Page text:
Asia and Pacific set for solar eclipse

Cruise ship in Ternate Image copyright Getty Images
Image caption More than 3,000 tourists have arrived in the Indonesian island province Ternate

Millions of people across Indonesia and the Pacific are about to be treated to a total solar eclipse.

Beginning late on Tuesday (GMT), the Moon will pass directly in front of the Sun, fully eclipsing the solar disk.

This will block all direct sunlight, turning day into night.

The eclipse will be total in Indonesia and the Central Pacific, while parts of Australia and east Asia will experience a partial one.

People along a 150km-wide strip running through Sumatra, Borneo and Sulawesi – the path of eclipse totality – will experience a blackout from about 07:00 to 11:00 local time.

Astronomers reiterated advice not to look directly at the Sun with the naked eye, or through a telescope. Experts recommend using either a professional solar filter in front of a telescope or camera, or special eclipse-viewing glasses.

The partial eclipse will commence at 23:19 GMT and the total eclipse at 00:15 GMT, with the moment of maximum shadow at 01:59 GMT.

The celestial event will end at sunset, local time, north of Hawaii (04:34 GMT).

Image copyright .
Image caption This map shows the path of the eclipse, which will travel from west to east

Because the eclipse path crosses the International Date Line, in the local time zones it will begin on Wednesday 9 March and end on Tuesday 8 March.

Skywatchers in southern China, south-east Asia, Australia, Hawaii and Alaska will experience a partial eclipse when the Moon's penumbra – the outer region of the shadow – catches them. This will look as if a just a chunk of the Sun has been blacked out.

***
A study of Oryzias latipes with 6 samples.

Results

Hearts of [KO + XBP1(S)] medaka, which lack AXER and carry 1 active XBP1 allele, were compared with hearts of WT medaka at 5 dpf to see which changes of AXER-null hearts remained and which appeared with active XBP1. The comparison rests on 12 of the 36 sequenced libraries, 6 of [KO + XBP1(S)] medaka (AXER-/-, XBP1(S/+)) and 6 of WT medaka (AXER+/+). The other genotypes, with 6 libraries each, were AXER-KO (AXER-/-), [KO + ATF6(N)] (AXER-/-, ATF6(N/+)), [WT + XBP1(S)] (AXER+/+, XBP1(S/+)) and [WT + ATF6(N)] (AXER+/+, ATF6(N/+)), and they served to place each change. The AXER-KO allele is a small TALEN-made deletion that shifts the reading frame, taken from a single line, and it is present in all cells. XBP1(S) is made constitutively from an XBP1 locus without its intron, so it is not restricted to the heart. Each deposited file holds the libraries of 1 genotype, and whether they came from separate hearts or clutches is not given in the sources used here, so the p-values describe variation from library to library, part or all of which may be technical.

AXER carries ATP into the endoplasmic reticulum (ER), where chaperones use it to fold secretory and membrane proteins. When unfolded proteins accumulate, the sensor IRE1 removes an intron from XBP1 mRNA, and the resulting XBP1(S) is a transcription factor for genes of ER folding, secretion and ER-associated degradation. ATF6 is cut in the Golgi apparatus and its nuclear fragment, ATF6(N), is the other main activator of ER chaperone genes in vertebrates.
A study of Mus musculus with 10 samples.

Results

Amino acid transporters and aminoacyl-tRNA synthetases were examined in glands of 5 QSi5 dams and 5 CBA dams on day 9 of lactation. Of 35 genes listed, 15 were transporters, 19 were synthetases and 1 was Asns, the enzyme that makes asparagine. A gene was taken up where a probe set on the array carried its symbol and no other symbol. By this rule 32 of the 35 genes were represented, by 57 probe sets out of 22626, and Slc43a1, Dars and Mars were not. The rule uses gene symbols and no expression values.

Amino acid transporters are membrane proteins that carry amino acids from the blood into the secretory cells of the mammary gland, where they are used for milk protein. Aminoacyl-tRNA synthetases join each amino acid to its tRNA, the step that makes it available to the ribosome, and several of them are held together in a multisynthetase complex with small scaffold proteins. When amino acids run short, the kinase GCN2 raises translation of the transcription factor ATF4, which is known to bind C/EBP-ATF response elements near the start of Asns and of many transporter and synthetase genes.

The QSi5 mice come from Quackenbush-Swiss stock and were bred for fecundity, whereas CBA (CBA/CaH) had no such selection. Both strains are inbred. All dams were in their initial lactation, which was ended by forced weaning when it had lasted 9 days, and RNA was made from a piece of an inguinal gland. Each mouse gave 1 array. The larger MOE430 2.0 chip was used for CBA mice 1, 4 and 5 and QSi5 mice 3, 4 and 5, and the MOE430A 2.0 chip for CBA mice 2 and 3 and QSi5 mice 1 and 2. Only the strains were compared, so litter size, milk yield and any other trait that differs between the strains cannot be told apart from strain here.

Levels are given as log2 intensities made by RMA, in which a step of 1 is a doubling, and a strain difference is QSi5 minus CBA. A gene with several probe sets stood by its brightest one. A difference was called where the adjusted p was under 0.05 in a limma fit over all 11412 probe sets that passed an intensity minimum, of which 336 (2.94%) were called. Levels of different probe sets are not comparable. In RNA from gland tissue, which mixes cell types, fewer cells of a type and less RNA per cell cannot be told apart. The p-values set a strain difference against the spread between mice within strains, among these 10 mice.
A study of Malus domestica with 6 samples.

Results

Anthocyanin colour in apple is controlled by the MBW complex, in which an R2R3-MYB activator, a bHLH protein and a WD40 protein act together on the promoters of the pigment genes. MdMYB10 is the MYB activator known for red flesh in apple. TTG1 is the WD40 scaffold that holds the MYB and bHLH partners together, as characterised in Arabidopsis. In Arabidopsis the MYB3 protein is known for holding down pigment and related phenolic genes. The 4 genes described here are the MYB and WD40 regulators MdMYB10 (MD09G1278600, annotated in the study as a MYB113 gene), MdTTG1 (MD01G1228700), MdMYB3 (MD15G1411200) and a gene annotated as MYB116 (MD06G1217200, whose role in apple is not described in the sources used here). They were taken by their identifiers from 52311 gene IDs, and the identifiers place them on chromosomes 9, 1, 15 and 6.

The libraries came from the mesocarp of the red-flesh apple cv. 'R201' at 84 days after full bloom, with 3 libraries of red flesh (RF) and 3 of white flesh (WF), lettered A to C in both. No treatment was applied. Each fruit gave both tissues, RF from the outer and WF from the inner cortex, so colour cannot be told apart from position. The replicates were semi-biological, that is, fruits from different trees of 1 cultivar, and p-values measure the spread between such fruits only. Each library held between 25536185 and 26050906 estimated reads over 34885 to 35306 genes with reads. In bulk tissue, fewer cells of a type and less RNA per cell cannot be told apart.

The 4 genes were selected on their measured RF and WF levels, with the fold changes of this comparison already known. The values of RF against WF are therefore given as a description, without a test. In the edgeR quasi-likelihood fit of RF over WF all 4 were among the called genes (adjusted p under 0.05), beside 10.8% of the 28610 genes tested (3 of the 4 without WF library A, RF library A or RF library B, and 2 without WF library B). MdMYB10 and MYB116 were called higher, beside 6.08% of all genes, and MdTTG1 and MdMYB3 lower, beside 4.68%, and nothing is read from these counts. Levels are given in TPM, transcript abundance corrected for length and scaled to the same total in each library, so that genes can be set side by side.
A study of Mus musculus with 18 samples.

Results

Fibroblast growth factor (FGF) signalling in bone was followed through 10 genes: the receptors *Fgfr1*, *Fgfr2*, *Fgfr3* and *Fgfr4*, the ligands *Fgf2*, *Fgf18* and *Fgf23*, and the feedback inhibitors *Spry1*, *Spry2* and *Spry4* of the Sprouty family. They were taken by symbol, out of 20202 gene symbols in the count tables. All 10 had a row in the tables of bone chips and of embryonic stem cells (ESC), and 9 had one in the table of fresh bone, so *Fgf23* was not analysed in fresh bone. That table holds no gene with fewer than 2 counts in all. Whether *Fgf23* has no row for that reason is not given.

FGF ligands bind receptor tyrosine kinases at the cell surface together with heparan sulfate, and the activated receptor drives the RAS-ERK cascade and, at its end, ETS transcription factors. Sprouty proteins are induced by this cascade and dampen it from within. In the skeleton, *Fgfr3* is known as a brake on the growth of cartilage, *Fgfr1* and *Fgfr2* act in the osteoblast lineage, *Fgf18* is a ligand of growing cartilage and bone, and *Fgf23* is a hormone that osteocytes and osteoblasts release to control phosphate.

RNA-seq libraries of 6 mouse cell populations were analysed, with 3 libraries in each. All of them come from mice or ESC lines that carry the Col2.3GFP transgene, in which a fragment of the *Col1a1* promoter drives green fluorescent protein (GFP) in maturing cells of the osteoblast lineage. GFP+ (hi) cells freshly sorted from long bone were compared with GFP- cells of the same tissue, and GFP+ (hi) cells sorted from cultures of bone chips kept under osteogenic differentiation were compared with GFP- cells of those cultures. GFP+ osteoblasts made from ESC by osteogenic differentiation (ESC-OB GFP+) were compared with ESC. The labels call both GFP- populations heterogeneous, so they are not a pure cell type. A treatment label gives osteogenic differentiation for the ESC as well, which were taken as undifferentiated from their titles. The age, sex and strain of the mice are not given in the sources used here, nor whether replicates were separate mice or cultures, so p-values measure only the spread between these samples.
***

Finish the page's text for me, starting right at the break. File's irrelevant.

For eclipse watchers outside these regions, a number of astronomy institutes are hosting live streams of the event.

Scientists at Nasa said they planned to use the event to study solar physics.

From Indonesia, they will use an instrument called a polarization camera to capture 59 exposures of the Sun in just over three minutes, collecting data on the innermost parts of the sun's volatile, superheated atmosphere.

This region can only be observed during total solar eclipses when the Sun's bright face is completely blocked by the Moon.

Image copyright Esa
Image caption The European Space Agency's Proba-2 satellite caught this view of the March 2015 eclipse

The lower part of the sun's atmosphere, the corona, is thought to hold the keys to several solar mysteries, including the birth of explosive clouds of solar material called coronal mass ejections and the mystery of why the corona is actually hotter than the surface.

"The Sun's atmosphere is where the interesting physics is," said Nelson Reginald, from Nasa's Goddard Space Flight Center in Maryland.

The most recent total solar eclipse took place in the far northern hemisphere on 20 March 2015.